Is U-32’s Budget in Line with our Priorities?

On the evening of Wednesday, January 4, the U-32 School Board sat down for their first meeting of 2017. Two and a half hours were focused on the budget proposal for the 2017-2018 school year, which is proving controversial due to cuts to teaching staff. Despite discussion over the budget, draft #4 passed with a 6-1 vote by the School Board.

Principal Steven Dellinger-Pate explained why the cuts were necessary. “The budget put forward was still a 2.99% increase from last years… we had to decrease it by a little over $300,000.” To restrain this increase below 3%, as requested by the Board, “there were cuts to three teaching positions, and we are also reallocating some administrative positions, so there’s reimbursements from the state for supervising special education.”

Class sizes were a significant factor in deciding where the budget had flexibility. “Small classes,   which we generally consider those fewer than 10 students, and average class size, which probably needs to be around 18 to 22 kids for it to be monetarily and budgetarily strong,” said Dellinger-Pate.

In the end, the school cut three teaching positions: one in art, one in design and tech, and one in science.

U-32’s newly approved budget summary.

Laure Angel, a social studies teacher in the middle school, was surprised by the low turnout from teachers and the community, especially since substantial cuts were proposed.

“I’d like to find out if it’s just an overwhelming sense of trust and approval, which it might be, versus a little bit of apathy,” she said. “If it is apathy, I’d like to figure out what we need so that people can participate more.”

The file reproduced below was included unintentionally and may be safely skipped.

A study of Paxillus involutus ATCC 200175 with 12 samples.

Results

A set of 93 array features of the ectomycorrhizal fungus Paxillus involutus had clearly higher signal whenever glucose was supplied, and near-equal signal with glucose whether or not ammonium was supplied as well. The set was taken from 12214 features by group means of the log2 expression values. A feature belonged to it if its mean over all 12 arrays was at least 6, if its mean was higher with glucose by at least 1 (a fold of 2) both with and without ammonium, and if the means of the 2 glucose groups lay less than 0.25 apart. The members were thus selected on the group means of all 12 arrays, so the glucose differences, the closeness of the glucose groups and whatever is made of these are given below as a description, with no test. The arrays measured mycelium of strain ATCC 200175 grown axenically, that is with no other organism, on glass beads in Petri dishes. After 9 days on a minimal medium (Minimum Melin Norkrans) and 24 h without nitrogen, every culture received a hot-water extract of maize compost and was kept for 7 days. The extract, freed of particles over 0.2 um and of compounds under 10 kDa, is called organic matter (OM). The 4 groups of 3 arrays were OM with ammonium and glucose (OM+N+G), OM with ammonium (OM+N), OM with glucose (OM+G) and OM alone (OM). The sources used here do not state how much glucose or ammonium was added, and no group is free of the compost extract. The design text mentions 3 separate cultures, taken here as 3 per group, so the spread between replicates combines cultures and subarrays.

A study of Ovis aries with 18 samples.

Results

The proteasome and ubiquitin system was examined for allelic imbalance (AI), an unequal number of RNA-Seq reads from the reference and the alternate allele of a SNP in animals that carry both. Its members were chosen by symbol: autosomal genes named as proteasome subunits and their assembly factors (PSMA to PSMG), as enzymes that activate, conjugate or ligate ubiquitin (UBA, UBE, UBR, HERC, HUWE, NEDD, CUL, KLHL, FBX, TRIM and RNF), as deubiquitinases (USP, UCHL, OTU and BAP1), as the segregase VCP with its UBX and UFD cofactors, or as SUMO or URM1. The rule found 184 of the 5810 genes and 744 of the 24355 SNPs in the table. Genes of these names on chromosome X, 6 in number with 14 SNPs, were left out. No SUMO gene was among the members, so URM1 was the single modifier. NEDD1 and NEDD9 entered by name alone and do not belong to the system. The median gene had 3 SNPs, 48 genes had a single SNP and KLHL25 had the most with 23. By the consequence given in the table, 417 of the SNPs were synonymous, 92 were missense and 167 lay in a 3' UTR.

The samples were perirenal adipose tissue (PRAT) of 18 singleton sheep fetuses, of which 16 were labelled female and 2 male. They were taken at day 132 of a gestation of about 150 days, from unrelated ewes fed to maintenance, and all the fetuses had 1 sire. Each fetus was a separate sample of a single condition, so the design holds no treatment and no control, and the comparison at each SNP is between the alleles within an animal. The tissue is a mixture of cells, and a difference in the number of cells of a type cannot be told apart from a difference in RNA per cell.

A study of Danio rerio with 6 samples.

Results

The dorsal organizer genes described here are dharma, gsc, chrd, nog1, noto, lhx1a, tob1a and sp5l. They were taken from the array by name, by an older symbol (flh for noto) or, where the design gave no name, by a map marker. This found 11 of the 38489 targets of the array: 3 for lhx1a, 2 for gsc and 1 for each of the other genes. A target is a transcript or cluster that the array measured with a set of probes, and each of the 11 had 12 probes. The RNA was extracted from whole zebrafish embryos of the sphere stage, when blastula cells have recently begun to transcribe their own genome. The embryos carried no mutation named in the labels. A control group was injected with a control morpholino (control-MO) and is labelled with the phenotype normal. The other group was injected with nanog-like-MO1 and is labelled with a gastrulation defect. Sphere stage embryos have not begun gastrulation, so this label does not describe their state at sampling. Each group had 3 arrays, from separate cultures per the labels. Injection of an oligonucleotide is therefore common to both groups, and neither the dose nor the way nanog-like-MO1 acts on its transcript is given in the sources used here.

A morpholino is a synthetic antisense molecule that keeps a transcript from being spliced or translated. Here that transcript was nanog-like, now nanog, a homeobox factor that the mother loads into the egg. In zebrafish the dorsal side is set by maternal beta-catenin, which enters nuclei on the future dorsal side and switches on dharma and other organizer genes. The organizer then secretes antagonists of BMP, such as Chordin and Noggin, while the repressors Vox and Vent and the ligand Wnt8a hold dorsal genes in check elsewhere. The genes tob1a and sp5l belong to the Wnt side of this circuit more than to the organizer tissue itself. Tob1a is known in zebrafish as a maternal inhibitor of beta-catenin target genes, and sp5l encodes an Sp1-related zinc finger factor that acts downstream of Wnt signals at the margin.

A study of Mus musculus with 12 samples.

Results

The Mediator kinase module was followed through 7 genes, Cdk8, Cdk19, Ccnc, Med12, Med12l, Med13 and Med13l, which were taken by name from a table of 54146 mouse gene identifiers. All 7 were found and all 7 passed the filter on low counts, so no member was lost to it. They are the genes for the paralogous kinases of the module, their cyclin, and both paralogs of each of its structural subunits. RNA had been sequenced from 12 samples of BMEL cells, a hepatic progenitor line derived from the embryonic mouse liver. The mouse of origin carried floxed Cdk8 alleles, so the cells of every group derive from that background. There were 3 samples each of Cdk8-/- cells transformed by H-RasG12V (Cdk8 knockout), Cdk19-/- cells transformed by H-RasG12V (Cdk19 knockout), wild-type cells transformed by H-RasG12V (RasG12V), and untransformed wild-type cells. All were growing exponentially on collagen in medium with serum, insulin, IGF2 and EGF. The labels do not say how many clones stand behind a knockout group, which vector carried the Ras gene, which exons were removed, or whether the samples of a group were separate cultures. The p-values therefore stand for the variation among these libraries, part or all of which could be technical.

While the attendance of the meeting was low, the discussion pointed to a troubling question: does the new budget support the change to proficiencies?

Angel expressed concerns over position cuts due to the commonly held belief that proficiencies will ultimately require more staff.

“It doesn’t take less hands on deck. If we’re going to have a school where a lot more advising is done, that’s a different kind of work than direct instruction to a classroom. It takes a lot of time,” explained Angel.

“I don’t want to see this system where we have this dichotomy of saying ‘oh, this is what we want to do’ and fund the opposite,” she said. “I believe in our community, I believe that they support having really educated kids, but also, I don’t blame them. We’re still confused about proficiencies.”

But the stark fiscal realities the school faces may cut against the five year vision.

Dellinger-Pate explains that “the budget has two major things that can occur. The number of students in the school goes down, and so that reduces the amount of revenue we get from the state. This, combined with increased costs in general.”

From 2006-2016, the number of students enrolled at U-32 has decreased by 104. At the same time, we will see significant increases in the costs of transportation, special education, and salaries.

Dellinger-Pate says that, when difficult cuts are made., “when these two things happen, lower revenue and higher cost, then we do have to make sure that we balance our programs in a way that we still serve everybody.”

Jonathan Goddard, a U-32 Board Member from Berlin, disagreed, saying that some students would not be served fully under the proposed cuts. Goddard, whose children thrived in the arts at U-32, said, “Knowing the value of the teachers we’re talking about, I think there’s room in the budget to get to the same number without cutting positions.”

Dellinger-Pate claimed that, contrary to Angel and Goddard’s concerns, “We should still be able to provide all the same courses in art and science without any issues. For design and tech, we are going to have to rework some of our courses, but we should be able to provide students with those same opportunities.”

For other future budgets, Dellinger-Pate said that his “goal is to continue not to cut courses and programs, but certainly making sure we have the right number of teachers and staff to make this building work and work for all kids.”